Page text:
Outside adventures prove beneficial for mental health

Gwyn Skiles, asst. opinions editor

Adventure. When I lived in Sammamish, Washington, weekends were spent hiking, swimming in lakes and building forts out of fallen tree branches. Now, my time is consumed with school work and extracurricular activities that prevent me from venturing outside. Any free time I do have is spent indoors in front of a screen.

The landscape of Sammamish is vastly different from Glenview. There are trees as tall as Chicago’s buildings everywhere you look. Streams run through backyards, hiking trails lie behind schools, and animals such as deer, woodpeckers, salmon, and moles are often seen. Sammamish is on a plateau, thus bike rides and walks to school are often steep, making exercise more intense.

The other night while studying for a math test, I looked up at the family photos in my living room, and longed for the adventure I had in my previous life in Sammamish. I yearned for the exciting terrain, crisp air and scenery that I deemed missing from Glenview. But what was I supposed to do? Drop everything and get on a plane?

I came to the conclusion that I had to find adventure nearby. I needed to carve out time to spend outside. No matter how hard I tried, going on my phone for two hours was not going to give me the relaxation and excitement I was looking for.

Now, if I need a break from homework, I will walk my dog for 10 minutes instead of searching aimlessly on social media for half an hour, never relieving my tired mind. On the weekends, instead of skimming through the free movie section on my TV, I will call a friend and drive to new places.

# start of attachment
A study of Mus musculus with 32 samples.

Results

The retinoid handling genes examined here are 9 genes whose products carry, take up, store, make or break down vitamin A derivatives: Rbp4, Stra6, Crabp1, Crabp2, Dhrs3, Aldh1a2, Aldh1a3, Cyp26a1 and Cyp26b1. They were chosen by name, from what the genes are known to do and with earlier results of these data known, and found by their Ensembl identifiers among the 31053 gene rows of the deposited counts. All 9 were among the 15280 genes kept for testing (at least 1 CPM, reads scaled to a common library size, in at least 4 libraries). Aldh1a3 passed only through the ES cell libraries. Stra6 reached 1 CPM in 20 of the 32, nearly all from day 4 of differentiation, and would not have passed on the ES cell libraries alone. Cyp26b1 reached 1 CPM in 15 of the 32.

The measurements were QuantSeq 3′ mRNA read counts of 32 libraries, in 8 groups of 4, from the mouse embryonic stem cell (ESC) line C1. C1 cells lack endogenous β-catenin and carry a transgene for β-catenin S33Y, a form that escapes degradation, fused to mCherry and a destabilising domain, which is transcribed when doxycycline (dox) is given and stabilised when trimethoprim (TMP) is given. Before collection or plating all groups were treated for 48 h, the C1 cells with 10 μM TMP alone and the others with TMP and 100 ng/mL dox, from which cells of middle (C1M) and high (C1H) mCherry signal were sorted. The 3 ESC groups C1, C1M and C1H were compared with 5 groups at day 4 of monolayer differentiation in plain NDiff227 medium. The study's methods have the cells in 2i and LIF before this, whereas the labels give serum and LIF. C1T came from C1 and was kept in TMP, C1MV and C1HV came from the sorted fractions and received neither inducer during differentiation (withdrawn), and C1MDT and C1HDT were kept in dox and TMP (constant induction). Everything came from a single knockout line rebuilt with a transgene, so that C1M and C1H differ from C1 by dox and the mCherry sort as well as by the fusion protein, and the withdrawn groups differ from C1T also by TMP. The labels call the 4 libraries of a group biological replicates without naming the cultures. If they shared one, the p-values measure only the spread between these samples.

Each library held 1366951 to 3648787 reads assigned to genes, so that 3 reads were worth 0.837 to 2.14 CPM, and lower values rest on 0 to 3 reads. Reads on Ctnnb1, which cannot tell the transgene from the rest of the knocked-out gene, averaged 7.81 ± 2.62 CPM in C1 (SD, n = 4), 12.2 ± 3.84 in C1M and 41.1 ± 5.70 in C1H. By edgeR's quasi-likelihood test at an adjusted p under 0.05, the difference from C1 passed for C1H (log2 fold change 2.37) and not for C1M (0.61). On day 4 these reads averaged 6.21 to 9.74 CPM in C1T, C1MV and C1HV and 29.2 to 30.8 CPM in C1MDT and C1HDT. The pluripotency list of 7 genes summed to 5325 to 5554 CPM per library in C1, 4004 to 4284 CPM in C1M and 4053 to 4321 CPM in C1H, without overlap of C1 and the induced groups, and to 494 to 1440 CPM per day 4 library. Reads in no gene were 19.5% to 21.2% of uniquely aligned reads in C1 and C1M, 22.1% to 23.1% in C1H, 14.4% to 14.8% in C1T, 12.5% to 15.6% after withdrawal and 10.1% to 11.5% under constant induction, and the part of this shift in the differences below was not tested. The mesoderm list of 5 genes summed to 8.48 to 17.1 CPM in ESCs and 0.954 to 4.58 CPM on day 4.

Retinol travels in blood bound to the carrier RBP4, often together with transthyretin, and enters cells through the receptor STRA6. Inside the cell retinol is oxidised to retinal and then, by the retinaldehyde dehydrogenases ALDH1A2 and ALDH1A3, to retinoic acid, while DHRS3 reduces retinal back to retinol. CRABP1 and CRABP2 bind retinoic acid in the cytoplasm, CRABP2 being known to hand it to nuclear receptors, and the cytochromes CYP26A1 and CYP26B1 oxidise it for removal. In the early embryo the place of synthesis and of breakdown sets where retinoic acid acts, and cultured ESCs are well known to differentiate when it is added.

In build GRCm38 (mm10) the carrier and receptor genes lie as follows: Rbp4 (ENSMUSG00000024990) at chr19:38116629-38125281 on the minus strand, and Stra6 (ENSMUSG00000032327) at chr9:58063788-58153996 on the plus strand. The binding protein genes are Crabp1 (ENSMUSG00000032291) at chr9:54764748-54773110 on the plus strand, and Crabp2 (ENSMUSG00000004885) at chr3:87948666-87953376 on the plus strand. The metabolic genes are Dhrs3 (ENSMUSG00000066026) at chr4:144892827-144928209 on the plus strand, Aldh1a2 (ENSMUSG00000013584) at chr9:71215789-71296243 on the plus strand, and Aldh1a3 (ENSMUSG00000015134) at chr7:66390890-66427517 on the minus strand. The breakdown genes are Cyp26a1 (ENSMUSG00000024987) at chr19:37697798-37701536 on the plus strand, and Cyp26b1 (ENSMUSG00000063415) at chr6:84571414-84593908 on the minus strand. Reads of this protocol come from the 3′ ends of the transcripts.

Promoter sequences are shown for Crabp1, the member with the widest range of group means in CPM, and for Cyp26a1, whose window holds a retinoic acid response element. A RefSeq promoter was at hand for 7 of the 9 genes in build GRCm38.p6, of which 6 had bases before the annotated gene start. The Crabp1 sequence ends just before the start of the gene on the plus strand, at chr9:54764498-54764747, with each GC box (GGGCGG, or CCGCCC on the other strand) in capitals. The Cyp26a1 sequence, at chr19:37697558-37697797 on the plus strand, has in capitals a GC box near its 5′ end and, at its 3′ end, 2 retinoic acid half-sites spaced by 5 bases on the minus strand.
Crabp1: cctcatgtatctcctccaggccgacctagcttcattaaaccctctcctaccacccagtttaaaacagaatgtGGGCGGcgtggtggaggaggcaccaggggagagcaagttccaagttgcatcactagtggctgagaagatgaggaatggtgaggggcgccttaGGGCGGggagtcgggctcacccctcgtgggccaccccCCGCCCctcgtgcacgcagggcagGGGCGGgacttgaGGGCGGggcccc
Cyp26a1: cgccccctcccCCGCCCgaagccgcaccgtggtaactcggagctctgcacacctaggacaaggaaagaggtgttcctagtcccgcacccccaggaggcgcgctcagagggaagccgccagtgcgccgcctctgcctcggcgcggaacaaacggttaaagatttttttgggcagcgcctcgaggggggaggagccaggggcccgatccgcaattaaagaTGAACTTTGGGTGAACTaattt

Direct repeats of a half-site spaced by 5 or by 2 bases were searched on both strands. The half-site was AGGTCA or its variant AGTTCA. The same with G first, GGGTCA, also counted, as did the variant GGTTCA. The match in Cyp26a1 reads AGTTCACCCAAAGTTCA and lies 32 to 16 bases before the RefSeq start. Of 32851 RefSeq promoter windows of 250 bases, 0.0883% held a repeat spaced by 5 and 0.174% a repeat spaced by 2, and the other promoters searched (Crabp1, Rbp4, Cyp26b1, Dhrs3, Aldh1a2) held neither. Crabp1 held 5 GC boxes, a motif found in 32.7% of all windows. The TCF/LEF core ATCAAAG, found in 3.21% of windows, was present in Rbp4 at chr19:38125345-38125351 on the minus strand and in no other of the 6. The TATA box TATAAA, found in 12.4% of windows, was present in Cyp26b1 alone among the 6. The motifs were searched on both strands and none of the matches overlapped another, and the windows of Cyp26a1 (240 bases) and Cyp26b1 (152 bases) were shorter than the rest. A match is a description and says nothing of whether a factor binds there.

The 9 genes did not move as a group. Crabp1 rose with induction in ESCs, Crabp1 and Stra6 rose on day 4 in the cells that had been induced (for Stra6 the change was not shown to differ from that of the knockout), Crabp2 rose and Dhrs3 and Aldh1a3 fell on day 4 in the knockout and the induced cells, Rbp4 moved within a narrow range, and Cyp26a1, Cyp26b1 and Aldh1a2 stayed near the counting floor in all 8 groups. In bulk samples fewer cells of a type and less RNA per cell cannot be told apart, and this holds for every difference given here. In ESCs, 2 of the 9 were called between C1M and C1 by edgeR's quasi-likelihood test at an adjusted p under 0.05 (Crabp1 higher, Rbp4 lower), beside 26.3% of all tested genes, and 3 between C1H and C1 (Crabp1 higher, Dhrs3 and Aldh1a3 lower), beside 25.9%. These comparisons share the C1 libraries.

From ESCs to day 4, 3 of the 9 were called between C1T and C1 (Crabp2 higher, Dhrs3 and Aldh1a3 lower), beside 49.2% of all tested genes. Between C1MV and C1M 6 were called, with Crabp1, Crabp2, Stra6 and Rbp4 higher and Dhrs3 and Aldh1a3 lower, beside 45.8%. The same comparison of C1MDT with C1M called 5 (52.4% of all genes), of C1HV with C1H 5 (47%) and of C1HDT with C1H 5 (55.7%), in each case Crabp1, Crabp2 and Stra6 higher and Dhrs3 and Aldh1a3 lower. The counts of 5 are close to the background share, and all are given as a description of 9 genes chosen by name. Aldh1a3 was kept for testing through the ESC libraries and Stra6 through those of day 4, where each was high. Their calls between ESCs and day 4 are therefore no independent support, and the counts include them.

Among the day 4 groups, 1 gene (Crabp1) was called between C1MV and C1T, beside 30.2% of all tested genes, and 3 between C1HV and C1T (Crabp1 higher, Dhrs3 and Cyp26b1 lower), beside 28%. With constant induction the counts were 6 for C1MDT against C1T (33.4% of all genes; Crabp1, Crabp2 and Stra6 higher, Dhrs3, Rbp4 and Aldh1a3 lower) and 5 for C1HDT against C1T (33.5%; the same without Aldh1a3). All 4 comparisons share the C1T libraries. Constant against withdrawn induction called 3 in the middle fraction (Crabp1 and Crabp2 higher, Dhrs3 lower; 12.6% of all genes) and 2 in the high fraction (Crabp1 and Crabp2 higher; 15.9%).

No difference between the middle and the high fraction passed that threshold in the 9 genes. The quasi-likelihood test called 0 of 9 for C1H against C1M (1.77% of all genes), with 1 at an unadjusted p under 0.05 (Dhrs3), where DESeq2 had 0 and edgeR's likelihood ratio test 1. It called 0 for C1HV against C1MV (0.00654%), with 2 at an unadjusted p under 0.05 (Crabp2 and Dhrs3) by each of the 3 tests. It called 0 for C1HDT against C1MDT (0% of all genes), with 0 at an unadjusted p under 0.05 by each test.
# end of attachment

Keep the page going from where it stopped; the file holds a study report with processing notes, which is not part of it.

I found that venturing outside more has helped me to live in the present and become mindful. I am less stressed about my grades and college pursuits, yet more motivated to complete my homework. I have also found that spending time outside has helped me to eat healthier and exercise more. By spending time outside, I eased the stimulation from looking at a screen and being cooped up inside, and I became less inclined to reach for unhealthy snacks to get me through a homework assignment.

According to a study conducted by Common Sense Media, teenagers spend nearly nine hours a day in front of screens. Imagine how free our minds could be if we spent even an hour in fresh air with nothing but ourselves and our thoughts to keep us busy.

It can be difficult to grasp how much time you spend on your phone. To help me, I turned on notifications that tell me how much time I have spent on each app. Every 30 minutes I get a notification from YouTube, informing me on my usage. I was surprised by how much time I was spending browsing media that could have been spent in nature. Thirty minutes feels like five when you’re on your phone. When we tell ourselves that we don’t have enough time to go outside, we are making excuses only to our detriment.

Next time you find yourself checking PowerSchool every five minutes, or pulling your hair out because you can’t solve a certain math problem, I challenge you to catch yourself instinctively reaching for your phone, and to take a walk outside instead. You might just discover more about yourself and the environment around you, rather than prolonging your stress.